Georgia residents who have an IRA or another retirement account, such as a 401(k), might want to review their estate plan if the Setting Every Community Up for Retirement Enhancement Act passes the Senate as it is expected to do. The SECURE Act will change the rules around bequeathing IRAs and other retirement accounts to people who are not spouses.

Under the existing law, it was possible to pass IRAs to beneficiaries in a way that would allow them to stretch minimum distributions throughout their lives. Under the SECURE Act, the 10-year rule will only allow this in certain circumstances. Otherwise, distributions must be made within 10 years. If the beneficiary is a spouse, someone who is chronically ill or disabled, a beneficiary whose age is within 10 years of the owner's age or a minor child, the 10-year rule does not apply. The rule will kick in for minor children when they reach 18. It also applies to other types of accounts.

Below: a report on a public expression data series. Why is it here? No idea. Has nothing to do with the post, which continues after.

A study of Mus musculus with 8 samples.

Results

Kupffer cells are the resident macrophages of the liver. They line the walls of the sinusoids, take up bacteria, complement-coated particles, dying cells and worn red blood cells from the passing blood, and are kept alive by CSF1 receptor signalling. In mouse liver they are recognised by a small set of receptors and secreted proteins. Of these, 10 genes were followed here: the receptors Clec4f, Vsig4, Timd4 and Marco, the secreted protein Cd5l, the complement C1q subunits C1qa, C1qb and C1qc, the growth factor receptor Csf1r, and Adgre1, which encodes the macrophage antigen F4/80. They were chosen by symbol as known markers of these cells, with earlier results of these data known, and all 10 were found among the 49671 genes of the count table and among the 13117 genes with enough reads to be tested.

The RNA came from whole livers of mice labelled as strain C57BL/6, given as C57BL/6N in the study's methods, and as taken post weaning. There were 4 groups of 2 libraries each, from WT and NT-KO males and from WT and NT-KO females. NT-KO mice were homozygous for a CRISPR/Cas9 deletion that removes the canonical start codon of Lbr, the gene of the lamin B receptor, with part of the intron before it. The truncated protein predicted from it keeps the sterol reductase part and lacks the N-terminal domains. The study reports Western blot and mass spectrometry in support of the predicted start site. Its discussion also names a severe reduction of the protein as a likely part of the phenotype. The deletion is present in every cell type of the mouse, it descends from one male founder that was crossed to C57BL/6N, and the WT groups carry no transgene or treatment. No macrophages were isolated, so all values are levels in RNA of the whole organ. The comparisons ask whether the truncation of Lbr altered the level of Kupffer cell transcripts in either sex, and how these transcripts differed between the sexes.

Some people may need to revise their estate plans and make other provisions as a result. They may want to consider how a beneficiary's taxes will be affected and plan accordingly. One option that can help stretch distributions is a charitable remainder trust that pays out for more than 10 years.

Whether or not the passage of the SECURE Act affects a person's estate plan, plans should be reviewed regularly to make sure they remain current. In addition to changes in the law, family changes or changes in a person's assets may also necessitate estate plan revisions. Furthermore, when making one type of change, such as to a beneficiary designation, it is important to make sure the will or trust and other elements of the estate plan are consistent.